As the holiday surge pushed COVID-19 positivity rates to double digits in many Black neighborhoods, Chicago’s average rose to 9.3 percent on January 9, the highest in five months, according to a Crusader analysis of data from the Chicago Department of Public Health (CDPH).
It was the biggest jump in weeks. Chicago’s positivity rate steadily climbed as indoor gatherings continued following the holiday season. Monday’s positivity rate of 9.3 is the highest since August 22, when the city’s rate was the same.
Hospitalizations and deaths have decreased and remain low, however, according to the latest health data.
In Chicago’s Black neighborhoods, nine zip codes had positivity rates in the double digits on January 9. Eleven had positivity rates higher than Chicago’s 9.3 average. Of 20 Black zip codes, there were a total of two deaths.
Despite the high positivity rates, CDPH’s Dr. Allison Arwady said Chicago’s health status will not be increased to High Risk Level.
“We’ve been able to remain in Medium COVID-19 Level through the holidays, which I am very pleased about, but we are by no means in the clear,” Arwady said in a statement.
“That’s why we’ve got to keep doing all we can to protect each other from COVID-19 and the flu, and that includes masking up in higher-risk spaces, staying home if you feel sick, and getting your flu and COVID-19 booster shots.”
Arwady added that, “It’s entirely possible we’ll get into the High Level soon.”
She noted the impact of the new sub-variant of Omicron, XBB.1.5, is slightly more contagious than previous strains. The sub-variant has become the dominant form of COVID-19. The Centers for Disease Control (CDC) estimated that it made up 72 percent of new cases in the Northeast and 27.6 percent of cases across the country.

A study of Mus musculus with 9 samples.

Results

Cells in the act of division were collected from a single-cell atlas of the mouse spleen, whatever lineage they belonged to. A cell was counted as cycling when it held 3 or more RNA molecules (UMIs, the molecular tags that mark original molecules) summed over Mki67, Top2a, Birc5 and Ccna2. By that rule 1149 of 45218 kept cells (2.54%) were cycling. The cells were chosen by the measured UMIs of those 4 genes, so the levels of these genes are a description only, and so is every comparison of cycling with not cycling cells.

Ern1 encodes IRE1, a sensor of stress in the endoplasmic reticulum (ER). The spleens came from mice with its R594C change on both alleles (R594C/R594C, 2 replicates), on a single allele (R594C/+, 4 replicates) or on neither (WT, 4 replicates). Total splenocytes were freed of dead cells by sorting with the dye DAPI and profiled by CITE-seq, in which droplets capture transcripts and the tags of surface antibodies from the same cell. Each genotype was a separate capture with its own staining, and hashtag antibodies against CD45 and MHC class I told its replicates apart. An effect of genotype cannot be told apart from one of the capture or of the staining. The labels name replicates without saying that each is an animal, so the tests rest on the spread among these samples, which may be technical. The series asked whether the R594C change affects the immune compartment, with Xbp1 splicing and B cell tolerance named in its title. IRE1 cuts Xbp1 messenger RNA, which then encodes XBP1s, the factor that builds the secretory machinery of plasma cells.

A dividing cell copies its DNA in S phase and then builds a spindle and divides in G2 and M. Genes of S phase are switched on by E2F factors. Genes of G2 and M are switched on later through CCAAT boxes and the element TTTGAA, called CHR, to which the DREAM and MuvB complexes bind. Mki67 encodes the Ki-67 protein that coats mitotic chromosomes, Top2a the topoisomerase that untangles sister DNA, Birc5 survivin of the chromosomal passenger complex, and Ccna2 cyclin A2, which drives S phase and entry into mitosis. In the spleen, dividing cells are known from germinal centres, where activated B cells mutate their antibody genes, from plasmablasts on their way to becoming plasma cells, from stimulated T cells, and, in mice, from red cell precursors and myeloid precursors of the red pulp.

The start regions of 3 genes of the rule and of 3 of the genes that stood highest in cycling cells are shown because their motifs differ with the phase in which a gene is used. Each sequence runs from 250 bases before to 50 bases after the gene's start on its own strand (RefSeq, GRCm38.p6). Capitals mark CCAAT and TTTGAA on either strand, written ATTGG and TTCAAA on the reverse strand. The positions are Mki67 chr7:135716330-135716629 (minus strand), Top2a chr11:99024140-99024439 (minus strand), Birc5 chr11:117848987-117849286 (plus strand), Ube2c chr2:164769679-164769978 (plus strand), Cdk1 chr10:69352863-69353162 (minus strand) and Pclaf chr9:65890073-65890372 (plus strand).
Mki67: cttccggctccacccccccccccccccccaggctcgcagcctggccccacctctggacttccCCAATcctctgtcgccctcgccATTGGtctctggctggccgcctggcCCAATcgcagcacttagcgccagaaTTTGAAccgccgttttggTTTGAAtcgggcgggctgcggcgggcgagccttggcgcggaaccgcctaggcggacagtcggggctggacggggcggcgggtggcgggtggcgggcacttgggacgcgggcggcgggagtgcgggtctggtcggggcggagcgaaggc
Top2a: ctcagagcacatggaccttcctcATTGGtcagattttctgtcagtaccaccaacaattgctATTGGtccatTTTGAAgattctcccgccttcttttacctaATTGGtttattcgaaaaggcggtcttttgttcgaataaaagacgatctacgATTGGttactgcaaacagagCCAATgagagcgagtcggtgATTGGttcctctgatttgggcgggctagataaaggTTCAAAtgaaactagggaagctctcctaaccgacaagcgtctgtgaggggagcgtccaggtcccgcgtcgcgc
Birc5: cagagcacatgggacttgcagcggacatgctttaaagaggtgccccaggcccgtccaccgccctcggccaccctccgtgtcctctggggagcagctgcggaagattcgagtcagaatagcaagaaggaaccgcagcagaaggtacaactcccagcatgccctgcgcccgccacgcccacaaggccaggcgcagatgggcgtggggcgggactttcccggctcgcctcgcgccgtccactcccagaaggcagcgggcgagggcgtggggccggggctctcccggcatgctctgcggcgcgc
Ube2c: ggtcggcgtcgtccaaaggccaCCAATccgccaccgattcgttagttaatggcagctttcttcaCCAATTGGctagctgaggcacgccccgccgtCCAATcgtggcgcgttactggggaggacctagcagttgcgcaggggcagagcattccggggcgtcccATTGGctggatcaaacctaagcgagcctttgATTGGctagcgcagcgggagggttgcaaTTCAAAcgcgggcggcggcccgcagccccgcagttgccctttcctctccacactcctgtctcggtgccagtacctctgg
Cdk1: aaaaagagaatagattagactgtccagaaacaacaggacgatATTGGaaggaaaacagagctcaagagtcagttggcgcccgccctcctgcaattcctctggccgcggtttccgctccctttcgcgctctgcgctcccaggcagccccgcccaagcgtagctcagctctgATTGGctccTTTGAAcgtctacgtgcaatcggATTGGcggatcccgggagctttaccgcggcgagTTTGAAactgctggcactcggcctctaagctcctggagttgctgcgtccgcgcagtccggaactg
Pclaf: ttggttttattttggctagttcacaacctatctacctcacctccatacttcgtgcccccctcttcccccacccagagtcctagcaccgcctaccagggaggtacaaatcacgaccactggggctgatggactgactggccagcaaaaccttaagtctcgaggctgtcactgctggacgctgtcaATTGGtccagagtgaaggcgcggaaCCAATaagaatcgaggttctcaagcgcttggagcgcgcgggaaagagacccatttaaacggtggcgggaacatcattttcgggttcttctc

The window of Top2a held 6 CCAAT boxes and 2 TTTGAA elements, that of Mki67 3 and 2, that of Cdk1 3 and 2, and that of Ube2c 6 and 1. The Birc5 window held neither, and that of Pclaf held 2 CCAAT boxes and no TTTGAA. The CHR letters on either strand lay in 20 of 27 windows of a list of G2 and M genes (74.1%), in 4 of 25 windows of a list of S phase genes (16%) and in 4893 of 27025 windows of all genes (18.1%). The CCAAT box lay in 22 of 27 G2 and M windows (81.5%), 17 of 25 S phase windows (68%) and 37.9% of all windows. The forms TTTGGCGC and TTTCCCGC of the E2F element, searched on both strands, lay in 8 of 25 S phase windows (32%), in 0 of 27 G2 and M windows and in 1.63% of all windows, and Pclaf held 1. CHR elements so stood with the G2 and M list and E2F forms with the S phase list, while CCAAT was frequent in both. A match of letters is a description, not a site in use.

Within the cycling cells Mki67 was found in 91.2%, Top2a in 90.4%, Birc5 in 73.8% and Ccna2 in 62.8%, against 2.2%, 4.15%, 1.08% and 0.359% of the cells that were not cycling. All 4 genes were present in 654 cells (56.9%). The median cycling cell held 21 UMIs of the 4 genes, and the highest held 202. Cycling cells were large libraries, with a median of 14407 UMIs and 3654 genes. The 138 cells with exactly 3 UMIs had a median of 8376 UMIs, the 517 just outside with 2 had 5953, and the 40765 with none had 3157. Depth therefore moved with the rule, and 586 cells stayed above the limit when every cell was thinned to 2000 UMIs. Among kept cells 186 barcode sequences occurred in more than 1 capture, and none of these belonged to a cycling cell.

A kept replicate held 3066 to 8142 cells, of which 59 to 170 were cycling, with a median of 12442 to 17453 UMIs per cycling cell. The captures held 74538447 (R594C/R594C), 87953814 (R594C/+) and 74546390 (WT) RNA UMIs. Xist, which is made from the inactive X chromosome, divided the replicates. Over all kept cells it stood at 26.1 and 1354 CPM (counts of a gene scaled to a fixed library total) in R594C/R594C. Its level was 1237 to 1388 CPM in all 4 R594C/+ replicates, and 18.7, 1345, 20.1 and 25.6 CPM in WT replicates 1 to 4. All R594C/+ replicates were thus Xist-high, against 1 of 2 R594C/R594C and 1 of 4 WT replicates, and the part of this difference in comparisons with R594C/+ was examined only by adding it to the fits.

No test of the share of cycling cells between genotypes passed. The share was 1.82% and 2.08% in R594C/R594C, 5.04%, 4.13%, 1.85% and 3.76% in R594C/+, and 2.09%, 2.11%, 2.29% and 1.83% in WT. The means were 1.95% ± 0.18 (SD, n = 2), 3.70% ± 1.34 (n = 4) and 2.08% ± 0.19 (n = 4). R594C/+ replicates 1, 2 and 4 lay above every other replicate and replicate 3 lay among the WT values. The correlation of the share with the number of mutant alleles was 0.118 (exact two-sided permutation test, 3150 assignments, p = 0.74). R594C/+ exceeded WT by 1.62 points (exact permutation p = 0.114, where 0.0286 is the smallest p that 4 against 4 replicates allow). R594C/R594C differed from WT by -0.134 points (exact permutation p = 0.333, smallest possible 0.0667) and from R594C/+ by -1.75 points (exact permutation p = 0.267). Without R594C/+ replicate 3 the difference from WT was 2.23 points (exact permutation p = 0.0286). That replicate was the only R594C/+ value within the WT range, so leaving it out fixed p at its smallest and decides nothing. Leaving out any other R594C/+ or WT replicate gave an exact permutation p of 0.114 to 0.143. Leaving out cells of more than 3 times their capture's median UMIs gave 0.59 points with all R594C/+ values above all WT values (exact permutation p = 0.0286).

Health experts said XBB.1.5 has a potent array of mutations that appear to help it evade immune defenses and improve its ability to invade cells.
However, Arwady said the bivalent booster “does a great job of protecting against Omicron sub-variants, including XBB.1.5.”
Arwady also urges Chicago residents to wear masks in crowded indoor spaces and get their booster shots to protect them from COVID-19 and variants that may be on the horizon.
Citing CDC data, the Illinois Department of Public Health (IDPH) recently reported that 73 counties in the state are at an elevated level for COVID-19, compared to 65 in the previous week. Of those, 28 Illinois counties are at a High Community Level and 45 counties are at Medium Level. IDPH is reporting 16,281 new confirmed and probable cases of COVID-19 in Illinois in the week ending January 1, and 20 deaths.
“As we enter the new year, IDPH continues to closely monitor levels of COVID-19, the flu, and other respiratory illnesses in communities throughout Illinois,” said IDPH Director Dr. Sameer Vohra in a statement.
“After the holidays, we are once again experiencing a rise in counties at elevated COVID-19 community levels, with 28 currently at High Level. As we monitor emerging variants, including a new more transmissible strain spreading in the northeastern U.S., I continue to recommend our residents take steps to prevent the spread of infection, protect those most vulnerable to serious illness, and preserve our hospital capacity.”
Vohra added, “It is not too late to get your COVID-19 bivalent booster or yearly flu shot. And if you are sick, please stay home if you are able and reach out to your provider about treatments for COVID-19 and the flu.”
IDPH previously announced that as of the end of 2022, it would be following the lead of the CDC and shifting from daily reporting of new COVID-19 cases and deaths to a weekly reporting cadence. As a result, daily case and death data has no longer been reported as of January 1. IDPH is now reporting weekly data on Wednesday of each week for the previous week ending on Sunday. IDPH is continuing daily reporting of ICU bed availability and hospital admission data.
The CDC announced it was making the shift from daily to weekly reporting of case and death data in October. IDPH officials believe that weekly reporting will provide the public with a more accurate picture of COVID-19 trends across the state over time, by tracking cases and deaths by the week they arise, rather than the date they are reported, which may be days or weeks later.
Access to tests and treatments can be found by contacting your provider for treatment options, within five days of feeling ill.